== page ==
The Swiss franc soared on Thursday after the Swiss National Bank delivered a surprise interest rate hike, triggering its biggest daily jump against the euro since the central bank ditched its currency peg in 2015.
The SNB joined other central banks in tightening monetary policy to fight surging inflation in its first rate hike in 15 years, increasing its policy rate to -0.25% from the -0.75% level it has deployed since 2015.
The Swiss franc surged to a two-month high against the euro and was set for the best day against the single currency since January 2015. It was 1.8% higher against the euro at 1.0200 as of 1028 GMT.
Against the U.S. dollar, the franc rose 1.4% to 0.9807, on track for its best single day versus the greenback in almost one month.
"The SNB move comes as a big shock," said Jane Foley, head of FX strategy, at Rabobank in London.
"Talk had been building that the SNB could start to move away from their deeply negative position on rates under the cover of the more hawkish ECB, but todays 50 bps move is still a big surprise."
Most analysts had expected the SNB to hold rates on Thursday and flag a hike for September, although a couple of banks had predicted a 25 bps move.
The move followed a 75 basis point (bps) rate hike by the U.S. Federal Reserve on Wednesday, while the European Central Bank signalled last week it would raise its rates in July and the Bank of England is expected to raise rates later today.
SNB and the Bank of Japan, which meets on Friday, were the only two major developed world central banks yet to raise interest rates in a tightening cycle that started late last year.
Sterling was volatile ahead of Thursday's BoE meeting amid worsening global risk sentiment and expectations that the BoE could deliver a heftier increase after the SNB hike.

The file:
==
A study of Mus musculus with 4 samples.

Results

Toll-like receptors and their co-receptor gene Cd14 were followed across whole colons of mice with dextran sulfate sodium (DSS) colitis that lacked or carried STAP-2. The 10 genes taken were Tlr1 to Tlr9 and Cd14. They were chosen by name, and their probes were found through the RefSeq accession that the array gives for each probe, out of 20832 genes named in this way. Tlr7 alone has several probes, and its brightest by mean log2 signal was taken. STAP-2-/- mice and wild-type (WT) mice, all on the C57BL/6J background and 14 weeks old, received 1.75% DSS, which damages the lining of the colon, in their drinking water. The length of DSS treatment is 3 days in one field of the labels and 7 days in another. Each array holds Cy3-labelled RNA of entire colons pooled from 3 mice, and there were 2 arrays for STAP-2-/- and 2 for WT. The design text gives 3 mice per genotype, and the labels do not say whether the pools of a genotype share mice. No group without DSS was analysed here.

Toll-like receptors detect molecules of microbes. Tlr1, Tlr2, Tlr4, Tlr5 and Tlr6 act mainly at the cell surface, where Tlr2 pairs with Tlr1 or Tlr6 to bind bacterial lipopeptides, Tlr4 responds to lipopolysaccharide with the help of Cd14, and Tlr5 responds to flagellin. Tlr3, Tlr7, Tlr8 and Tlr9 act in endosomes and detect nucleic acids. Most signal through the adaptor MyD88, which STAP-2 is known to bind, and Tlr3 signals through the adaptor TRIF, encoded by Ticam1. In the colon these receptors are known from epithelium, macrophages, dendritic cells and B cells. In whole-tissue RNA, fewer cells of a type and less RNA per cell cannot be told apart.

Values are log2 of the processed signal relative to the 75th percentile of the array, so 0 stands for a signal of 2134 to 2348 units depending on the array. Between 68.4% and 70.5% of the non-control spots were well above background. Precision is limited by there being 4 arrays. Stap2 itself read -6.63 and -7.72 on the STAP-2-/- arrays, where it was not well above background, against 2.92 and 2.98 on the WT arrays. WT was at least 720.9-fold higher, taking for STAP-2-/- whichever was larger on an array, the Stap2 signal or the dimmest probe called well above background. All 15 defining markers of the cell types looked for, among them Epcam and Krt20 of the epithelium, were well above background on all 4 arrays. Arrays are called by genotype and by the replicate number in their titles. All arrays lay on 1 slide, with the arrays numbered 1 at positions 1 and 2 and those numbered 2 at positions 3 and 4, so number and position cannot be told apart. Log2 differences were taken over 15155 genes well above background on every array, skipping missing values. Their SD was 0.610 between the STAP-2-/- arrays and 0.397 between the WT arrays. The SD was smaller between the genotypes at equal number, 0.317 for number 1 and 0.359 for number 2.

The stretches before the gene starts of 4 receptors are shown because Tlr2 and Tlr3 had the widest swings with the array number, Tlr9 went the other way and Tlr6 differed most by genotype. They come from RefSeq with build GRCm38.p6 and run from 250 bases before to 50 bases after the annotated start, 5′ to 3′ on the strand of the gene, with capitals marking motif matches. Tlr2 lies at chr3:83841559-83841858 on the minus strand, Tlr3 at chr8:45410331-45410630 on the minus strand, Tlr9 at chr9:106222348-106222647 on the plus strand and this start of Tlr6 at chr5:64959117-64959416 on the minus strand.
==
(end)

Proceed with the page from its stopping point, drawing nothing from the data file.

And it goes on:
The BoE is expected to raise borrowing costs for the fifth time since December despite worries about a sharp slowdown in the British economy.
Sterling slid 1% to $1.2059 in early London trading, not far from a two-year low touched this week. It was last down 0.15% at $1.2158 ahead of the BoE meeting, which is expected to bring at least a 25 bp hike, with swaps pricing implying about an 80% chance of a 50 bps hike.
"If we were to see a 50bps hike, not our central case view, we would look to sell into any knee-jerk rally as the macro story remains troublesome," said Jeremy Stretch, head of G10 FX strategy at CIBC.
Traders were also closely watching several ECB speakers after the central bank promised to control borrowing costs for the euro zone's periphery countries after an emergency meeting on Wednesday.
Versus the dollar, the euro fell 0.35% to $1.0409, not far from a one-month low touched on Wednesday.
Amid worsening market risk sentiment, the safe-haven U.S. dollar rose against a basket of peers, nearing a 20-year high touched before the Fed upped borrowing costs on Wednesday by the most since 1994.
The dollar index rose 0.22% to 105.06.